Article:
8.1.3. Understanding the Mass Matrix
8.1.3. Understanding the Mass Matrix
This video interprets the mass matrix of a robot in terms of how a sphere of joint torques maps to an ellipsoid of joint accelerations and vice-versa, and how a sphere of end-effector wrenches maps to an ellipsoid of end-effector accelerations and vice-versa.
By now you're familiar with the equations of motion of a robot. In this video we focus on better understanding the mass matrix M of theta. First, recall that the kinetic energy of a point mass is one-half m-v-squared, where m is the mass and v is its scalar velocity. If v is a vector, we could rewrite this as one-half v-transpose times m times v.
Now, for a robot arm, it is not hard to show that the kinetic energy takes the same form, one-half theta-dot-transpose times the mass matrix times theta-dot. The mass matrix is positive definite, meaning that the kinetic energy is positive for any nonzero joint velocity vector. This is analogous to the fact that a point mass can only have positive mass. In addition, the mass matrix is symmetric. Finally, the mass matrix depends on the joint configuration theta. The mass matrix depends on theta because the amount of inertia about each joint depends on whether the arm is stretched out or not.
To see the variation in the mass matrix graphically, consider again the 2R robot arm, where the link lengths and masses are each one. Assume that the robot initially has zero velocity, and consider a circle of accelerations in the joint space at this robot configuration. Then this circle maps through the mass matrix to an ellipse of joint torques. This ellipse can be interpreted as a direction-dependent mass ellipsoid; certain joint acceleration directions require larger torques than others. The directions of the principal axes of the ellipse are given by the eigenvectors of the mass matrix and the lengths of the principal semi-axes are given by the eigenvalues. If the mass matrix is invertible, then we can also map a circle of joint torques to an ellipse of joint accelerations. If we change the configuration of the robot, the shapes of these ellipses change.
Since these ellipses are in joint torque and acceleration space, they are not easy to understand intuitively. Instead, imagine that you grab the endpoint of the robot and you feel how "massy" it is when you move it in different directions. Let's say that V is the endpoint linear velocity, related to the joint velocity by the Jacobian J. When you linearly accelerate the endpoint, you will feel an apparent mass at the end-effector that depends on the joint configuration. We call this apparent mass Lambda of theta. To see how Lambda is related to the mass matrix M, we can equate the kinetic energy expressed in the end-effector velocity and the joint velocity. If the Jacobian is invertible, we can express the joint velocity as J-inverse times V, which gives us the relationship we were looking for: the configuration-dependent end-effector mass is equal to J-inverse-transpose times M times J-inverse.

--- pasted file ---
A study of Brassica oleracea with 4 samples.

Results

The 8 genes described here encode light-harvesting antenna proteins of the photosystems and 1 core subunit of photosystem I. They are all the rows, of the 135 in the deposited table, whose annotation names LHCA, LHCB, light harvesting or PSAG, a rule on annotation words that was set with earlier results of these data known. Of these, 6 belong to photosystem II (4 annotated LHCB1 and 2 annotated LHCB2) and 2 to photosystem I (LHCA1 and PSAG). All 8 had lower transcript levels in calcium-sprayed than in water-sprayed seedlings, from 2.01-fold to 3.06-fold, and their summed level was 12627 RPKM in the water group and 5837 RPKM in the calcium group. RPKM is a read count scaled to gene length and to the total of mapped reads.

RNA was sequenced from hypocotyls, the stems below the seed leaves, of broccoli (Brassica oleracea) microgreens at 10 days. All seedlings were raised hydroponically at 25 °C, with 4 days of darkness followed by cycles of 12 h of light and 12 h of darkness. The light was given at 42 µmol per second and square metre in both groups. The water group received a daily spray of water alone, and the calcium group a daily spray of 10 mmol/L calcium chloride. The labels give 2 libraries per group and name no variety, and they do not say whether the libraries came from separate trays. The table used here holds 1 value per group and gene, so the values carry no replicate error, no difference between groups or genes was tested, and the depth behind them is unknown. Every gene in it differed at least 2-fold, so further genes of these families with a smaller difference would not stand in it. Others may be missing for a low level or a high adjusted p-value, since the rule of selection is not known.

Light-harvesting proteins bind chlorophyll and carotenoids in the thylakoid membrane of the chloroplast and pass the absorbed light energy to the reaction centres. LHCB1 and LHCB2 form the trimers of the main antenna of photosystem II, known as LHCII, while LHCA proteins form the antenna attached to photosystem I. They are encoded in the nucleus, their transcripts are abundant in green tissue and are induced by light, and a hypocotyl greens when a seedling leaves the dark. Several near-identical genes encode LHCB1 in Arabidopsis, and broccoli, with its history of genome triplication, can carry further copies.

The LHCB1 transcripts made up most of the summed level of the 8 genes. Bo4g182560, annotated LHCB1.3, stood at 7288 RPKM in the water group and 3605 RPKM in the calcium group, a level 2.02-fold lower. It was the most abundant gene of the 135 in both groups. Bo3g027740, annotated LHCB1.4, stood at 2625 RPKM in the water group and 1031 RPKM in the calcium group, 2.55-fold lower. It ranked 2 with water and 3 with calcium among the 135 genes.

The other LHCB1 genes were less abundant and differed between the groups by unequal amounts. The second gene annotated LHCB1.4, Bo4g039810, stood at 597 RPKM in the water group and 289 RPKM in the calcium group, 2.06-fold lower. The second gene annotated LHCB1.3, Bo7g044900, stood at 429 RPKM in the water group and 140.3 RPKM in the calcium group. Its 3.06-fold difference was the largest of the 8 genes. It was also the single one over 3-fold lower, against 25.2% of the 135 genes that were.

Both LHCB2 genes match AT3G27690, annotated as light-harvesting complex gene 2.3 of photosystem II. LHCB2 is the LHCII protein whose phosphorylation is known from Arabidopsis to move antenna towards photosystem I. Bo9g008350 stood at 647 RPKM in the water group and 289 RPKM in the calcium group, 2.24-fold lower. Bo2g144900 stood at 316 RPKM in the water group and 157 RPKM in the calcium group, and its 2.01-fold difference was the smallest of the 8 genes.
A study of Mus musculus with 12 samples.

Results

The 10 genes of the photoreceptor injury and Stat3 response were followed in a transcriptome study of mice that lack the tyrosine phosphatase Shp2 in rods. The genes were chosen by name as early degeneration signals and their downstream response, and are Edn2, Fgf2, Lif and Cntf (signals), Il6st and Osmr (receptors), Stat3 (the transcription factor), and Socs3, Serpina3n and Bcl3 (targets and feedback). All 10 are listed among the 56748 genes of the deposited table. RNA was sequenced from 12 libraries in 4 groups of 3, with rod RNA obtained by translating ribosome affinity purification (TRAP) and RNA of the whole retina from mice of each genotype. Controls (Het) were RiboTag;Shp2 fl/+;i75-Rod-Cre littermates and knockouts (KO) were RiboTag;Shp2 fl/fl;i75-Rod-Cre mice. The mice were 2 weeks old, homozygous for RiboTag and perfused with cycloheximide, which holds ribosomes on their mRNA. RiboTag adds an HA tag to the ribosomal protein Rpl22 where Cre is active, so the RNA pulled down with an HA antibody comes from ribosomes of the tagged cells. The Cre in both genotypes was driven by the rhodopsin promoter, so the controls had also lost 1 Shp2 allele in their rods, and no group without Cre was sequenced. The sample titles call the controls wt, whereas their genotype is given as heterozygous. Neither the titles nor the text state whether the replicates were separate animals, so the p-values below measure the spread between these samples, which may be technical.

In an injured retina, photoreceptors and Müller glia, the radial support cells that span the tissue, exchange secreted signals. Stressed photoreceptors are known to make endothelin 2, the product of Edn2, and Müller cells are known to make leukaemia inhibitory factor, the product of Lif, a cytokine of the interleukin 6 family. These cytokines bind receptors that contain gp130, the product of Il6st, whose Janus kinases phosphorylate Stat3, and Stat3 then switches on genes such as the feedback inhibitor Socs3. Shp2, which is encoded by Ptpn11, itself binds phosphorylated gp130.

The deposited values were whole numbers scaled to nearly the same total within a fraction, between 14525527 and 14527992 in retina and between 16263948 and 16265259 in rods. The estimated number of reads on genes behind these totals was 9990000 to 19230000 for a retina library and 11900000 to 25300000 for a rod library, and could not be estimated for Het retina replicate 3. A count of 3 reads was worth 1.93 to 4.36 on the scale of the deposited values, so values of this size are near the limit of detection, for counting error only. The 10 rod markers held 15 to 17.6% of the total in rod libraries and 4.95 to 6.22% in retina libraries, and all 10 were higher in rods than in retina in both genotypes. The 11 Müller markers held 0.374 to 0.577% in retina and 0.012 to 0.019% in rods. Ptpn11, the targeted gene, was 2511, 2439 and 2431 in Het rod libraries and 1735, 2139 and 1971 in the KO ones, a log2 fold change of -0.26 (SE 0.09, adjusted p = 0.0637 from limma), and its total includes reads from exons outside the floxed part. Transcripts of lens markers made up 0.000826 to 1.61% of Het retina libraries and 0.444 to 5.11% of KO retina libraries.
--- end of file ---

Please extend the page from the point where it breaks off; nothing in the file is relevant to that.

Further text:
Now, if you consider a circle of endpoint accelerations when the robot is at rest, we can map this through the end-effector mass Lambda to get an ellipsoid of endpoint forces, depending on the robot's configuration. This ellipse is easier to understand. First of all, the directions of the force and the endpoint acceleration are only aligned if the force is aligned with a principal axis of the ellipse, as you see here. To accelerate the endpoint in this direction, you need a lot of force. To accelerate the endpoint in the orthogonal direction, you need much less force.
For all force directions not aligned with a principal axis of the ellipse, the acceleration direction is not parallel to the force direction. To see this, let's map a circle of endpoint forces through the inverse end-effector mass matrix to get an ellipse of end-effector accelerations. For an endpoint force purely in the x-direction, as indicated by the dot on the circle of forces, we get an end-effector acceleration that has both x and y components, as indicated by the dot on the ellipsoid of accelerations.
From this example, we learn two things. First, the magnitude of the effective end-effector mass depends on the direction of acceleration. Second, in general the directions of the end-effector acceleration and force are not aligned. So when we move the endpoint of the robot by hand, it does not feel like a point mass, which has a constant mass magnitude and always accelerates in the direction of the applied force.
Also, the apparent end-effector mass depends on the configuration of the robot, as you see here.
You should now have a good understanding of the form of the dynamic equations of a robot, including the mass matrix and velocity-product terms. Intuitively, these equations of motion are just f equals m-a, where the m-a term depends on both the joint velocities and accelerations, plus forces to balance gravity, plus forces to create the desired wrench at the end-effector.
Starting in the next video, we will learn another way to derive these same equations, beginning with the equation f equals m-a for a single rigid body. This is called the Newton-Euler formulation of the dynamics. This formulation allows us to derive an efficient recursive algorithm, without differentiations, for computing the dynamics of open-chain robots.